By John Ikani
President Muhammadu Buhari has signed the Climate Change Bill into law.
According to a statement released by Presidential aide Garba Shehu, the bill was signed on Thursday at the State House in Abuja.
He explained that the Climate Change Act owes its origin to a bill sponsored by a member of the House of Representatives, Sam Onuigbo, and provides for, among other things, the mainstreaming of climate change actions and the establishment of a National Council on Climate Change.
The Act also paves the way for environmental and economic accounting and a push for a net-zero emission deadline plan in the country.
It would be recalled that the House of Representatives and Senate had earlier passed the climate change bill after the second and third readings.
The bill was subsequently sent to the President for assent, two weeks before COP26 — the UN Climate Change Conference in Glasgow, Scotland.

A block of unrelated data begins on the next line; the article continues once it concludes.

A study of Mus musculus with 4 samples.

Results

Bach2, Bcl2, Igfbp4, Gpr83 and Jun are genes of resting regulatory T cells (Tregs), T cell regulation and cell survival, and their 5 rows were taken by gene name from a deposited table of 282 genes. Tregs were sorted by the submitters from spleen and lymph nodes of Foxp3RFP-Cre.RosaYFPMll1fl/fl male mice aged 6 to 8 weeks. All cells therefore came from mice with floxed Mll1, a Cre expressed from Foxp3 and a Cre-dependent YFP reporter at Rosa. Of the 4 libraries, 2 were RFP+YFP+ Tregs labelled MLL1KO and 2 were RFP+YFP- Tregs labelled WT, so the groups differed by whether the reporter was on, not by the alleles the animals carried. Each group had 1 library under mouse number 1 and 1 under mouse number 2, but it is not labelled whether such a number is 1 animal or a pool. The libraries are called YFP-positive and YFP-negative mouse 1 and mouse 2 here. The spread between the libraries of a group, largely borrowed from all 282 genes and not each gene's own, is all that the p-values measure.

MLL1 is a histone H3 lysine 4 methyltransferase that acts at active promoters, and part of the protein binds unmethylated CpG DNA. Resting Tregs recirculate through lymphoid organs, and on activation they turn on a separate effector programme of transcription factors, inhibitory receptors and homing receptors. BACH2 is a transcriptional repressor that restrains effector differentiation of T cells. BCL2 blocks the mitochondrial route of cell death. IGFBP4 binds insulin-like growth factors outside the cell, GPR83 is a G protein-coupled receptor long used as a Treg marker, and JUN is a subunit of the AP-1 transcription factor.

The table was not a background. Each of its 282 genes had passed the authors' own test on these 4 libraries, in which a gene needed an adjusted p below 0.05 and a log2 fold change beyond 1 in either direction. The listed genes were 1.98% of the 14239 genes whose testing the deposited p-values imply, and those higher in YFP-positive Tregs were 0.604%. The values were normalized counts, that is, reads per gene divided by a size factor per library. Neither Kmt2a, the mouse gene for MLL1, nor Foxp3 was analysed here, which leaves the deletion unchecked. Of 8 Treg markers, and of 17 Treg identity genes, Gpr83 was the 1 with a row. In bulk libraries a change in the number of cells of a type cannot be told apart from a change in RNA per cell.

The bill which was introduced in 2018 by the eighth assembly was declined by the President in 2019. However, lawmakers revisited the bill and addressed the “contentious clauses” cited by the President, thereby prompting its current passage into law.
The signing of the bill into law is coming five days after the end of the climate change conference.
At the conference, the President had pledged that by 2060, Nigeria would reach net-zero — a process that ensures balanced emission and removal of carbon from the atmosphere.
On Thursday, the President also signed the Asset Management Corporation of Nigeria (Amendment) Act into law.
The AMCON Act provides for the extension of the tenor of the Resolution Cost Fund and grants access to the Special Tribunal established by the Banks and other Financial Institutions Act 2020, which confers on the corporation the power “to take possession, manage, foreclose or sell, transfer, assign or otherwise deal with the asset or property used as security for eligible bank assets and related matters.’’
“This, in effect, will help AMCON make recoveries and for debtors to fulfil their commitments to banks,” Shehu concluded.